Ok, let’s try out a new feature. I always see fun crafts I want to try on the interwebs, but then I worry that the professionals who test and photograph the crafts don’t understand that I’m all thumbs. On the other hand, if it’s fun, who cares if it turns out all loving-hands-at-home?
Well, not me, but you might. So I’m trying out various crafts (almost always with the assistance of my trusty sidekick, my 10-year-old stepson Eli) so you can gauge the real-world possibilities behind Martha Stewart-type projects.
This week’s project: The hula-hoop t-shirt rug, as seen in Family Fun Magazine.
As seen in the magazine, this little rug is gorgeous, colorful, and free. In real life, well, it depends on your T-shirts. I wouldn't let Eli bust out his too-small shirts because I'm saving them to hand down to Penny and Abby, which means we were stuck with my T-shirts, which exist in a much, much more limited color palette of blacks, grays, blues, and similar. Sad, really. But I thought, eh, it's a rug. You want it to be dark colors.
So we started out, as directed, with a hula hoop I got at Scrap, a place near me where people donate their leftover craft supplies, for $5 (along with a bunch of other stuff, like some wooden frames and fake fur -- I know, so great, right?). The best part about this was that when we got out of the car after, Penny said, "Whaddaabout the rula coop?" and ran around to bang on the trunk of the car, and it took me way too long to figure out what a "rula coop" was.
By the way, Penny is a big fan of rula coops.
Anyway, the next step was to cut the bottom of a t-shirt into strips. The original author was using a boys' size M, but that seemed so tiny to me! Her hoop was 33", though, and mine might have been bigger -- I can't find my tape measure. Anyway, I used my husband's busted-up XL shirt for this, and managed to get all the strips out of one shirt by going ahead and using the hem. Rebellious.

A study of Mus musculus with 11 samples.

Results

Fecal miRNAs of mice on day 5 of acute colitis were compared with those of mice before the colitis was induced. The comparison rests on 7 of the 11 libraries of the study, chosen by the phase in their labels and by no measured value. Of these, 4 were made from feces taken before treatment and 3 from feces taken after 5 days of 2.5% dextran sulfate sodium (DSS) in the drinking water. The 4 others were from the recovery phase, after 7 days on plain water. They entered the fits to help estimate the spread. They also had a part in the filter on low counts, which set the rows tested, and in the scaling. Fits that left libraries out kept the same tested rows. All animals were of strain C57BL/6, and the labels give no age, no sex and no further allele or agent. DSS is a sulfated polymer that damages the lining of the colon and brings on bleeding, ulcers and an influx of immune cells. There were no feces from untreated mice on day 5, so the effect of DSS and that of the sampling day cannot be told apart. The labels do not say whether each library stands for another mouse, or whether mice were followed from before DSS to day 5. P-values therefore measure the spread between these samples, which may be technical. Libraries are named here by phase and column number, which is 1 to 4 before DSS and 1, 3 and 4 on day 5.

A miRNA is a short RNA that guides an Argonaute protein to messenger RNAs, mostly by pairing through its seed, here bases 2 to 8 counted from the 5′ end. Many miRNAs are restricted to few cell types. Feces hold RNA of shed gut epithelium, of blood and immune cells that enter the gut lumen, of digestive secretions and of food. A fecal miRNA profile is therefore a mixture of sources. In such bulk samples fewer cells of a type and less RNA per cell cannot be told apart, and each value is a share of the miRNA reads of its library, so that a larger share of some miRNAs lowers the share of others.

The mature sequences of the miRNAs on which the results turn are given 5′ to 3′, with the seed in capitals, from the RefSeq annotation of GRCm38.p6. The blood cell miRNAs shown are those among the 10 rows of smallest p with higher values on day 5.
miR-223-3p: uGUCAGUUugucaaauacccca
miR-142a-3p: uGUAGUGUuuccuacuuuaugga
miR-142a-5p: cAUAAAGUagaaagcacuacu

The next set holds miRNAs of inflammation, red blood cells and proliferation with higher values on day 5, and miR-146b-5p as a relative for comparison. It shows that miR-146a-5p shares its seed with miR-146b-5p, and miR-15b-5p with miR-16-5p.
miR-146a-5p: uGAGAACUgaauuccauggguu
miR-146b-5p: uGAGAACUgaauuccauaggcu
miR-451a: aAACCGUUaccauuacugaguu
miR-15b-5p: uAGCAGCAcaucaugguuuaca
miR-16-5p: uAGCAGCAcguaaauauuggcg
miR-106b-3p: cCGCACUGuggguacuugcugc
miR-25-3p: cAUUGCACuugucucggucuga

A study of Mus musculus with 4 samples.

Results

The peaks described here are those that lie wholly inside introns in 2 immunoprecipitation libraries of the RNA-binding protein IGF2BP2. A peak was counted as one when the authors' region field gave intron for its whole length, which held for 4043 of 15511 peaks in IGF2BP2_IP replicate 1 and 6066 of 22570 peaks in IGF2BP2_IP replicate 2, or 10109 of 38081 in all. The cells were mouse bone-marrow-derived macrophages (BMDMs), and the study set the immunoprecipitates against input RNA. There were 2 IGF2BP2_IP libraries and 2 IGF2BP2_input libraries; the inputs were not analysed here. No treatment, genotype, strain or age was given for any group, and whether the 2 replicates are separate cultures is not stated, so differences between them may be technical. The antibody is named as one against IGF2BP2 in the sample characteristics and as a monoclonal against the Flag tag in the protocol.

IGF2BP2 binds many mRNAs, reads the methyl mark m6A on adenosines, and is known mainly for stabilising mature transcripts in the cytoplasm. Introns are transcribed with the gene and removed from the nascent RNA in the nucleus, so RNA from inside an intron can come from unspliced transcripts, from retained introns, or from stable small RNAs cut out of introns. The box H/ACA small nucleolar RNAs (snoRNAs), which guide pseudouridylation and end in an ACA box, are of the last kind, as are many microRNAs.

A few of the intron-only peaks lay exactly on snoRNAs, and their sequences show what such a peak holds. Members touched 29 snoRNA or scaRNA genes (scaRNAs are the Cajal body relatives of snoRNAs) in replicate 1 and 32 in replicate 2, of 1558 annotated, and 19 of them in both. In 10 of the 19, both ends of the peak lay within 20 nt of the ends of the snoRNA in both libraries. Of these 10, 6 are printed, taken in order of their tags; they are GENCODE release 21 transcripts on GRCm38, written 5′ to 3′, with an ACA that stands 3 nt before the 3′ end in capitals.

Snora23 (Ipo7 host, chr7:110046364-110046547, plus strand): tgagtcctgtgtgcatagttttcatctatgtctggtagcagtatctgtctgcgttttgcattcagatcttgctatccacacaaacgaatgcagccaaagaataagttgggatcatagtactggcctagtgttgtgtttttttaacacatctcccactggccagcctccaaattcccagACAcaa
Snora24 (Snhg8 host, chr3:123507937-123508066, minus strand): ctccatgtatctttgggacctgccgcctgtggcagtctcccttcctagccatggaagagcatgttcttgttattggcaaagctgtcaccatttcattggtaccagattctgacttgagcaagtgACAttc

Hmm, you can totally see which one is the hem, and/but I don't care. I pulled two of these wefts together so there was an odd number of "spokes," and we got started with the weaving. This is where you see why you're using T-shirts: they're super-handy, because there's no knot-tying -- you just neatly loop the T-shirt through itself and pull it taut, then loop the next T-shirt into the previous one. This led Eli to create a magical world in which the T-shirts were snakes devouring themselves, which is just ... yeah.
And then Eli took over the weaving while I cut up more T-shirts. He had strict rules about the order and pattern of the colors, but I could see it looking nice if you did one color at a time, too. White was probably a mistake.
I almost missed the next part -- Eli noticed that as we got further out from the center, each "stitch" started looking big and unwieldy. I re-read the directions (as a friend's dad used to say, "When all else fails, fish the instruction manual out of the trash!") and changed the weaving process so we now used both loops of each spoke -- creating twice as many spokes. Everything started looking a lot better almost immediately.
And then we were done. I had been warned not to make things too tight, and this was why. Kinda like the right eye of Homer Simpson when he's just been electrocuted.
The next thing to do was to cut each loop off the hula hoop and double-knot each one onto the rug itself. We did a few triple-knots just because knots are fun. And voila! We had a rug!
What I didn't like about it, at this point, was the fringe. It looked a little too much like a dream-catcher. I trimmed the fringe (rather than weaving it into the rug as directed, because uugughgh no more weaving). Oh, and the outermost, last-used T-shirt strips were all hems, because I thought that'd give the rug a stronger outer ring. Upshot: I love my rug! And we had a fun afternoon doing this! And it'd be even better if we had gone to the thrift store and gotten a bunch of bright, ugly t-shirts, but that much actually up the cost of the rug to stupid levels.
But this is a great, easy craft that you can do without feeling like you want to poke Martha Stewart in the eye.
And now, a moment of silence for my deceased, ill-fitting T-shirts. You served me well. I hope to use the rest of you in a future project.
What do you think of this craft project?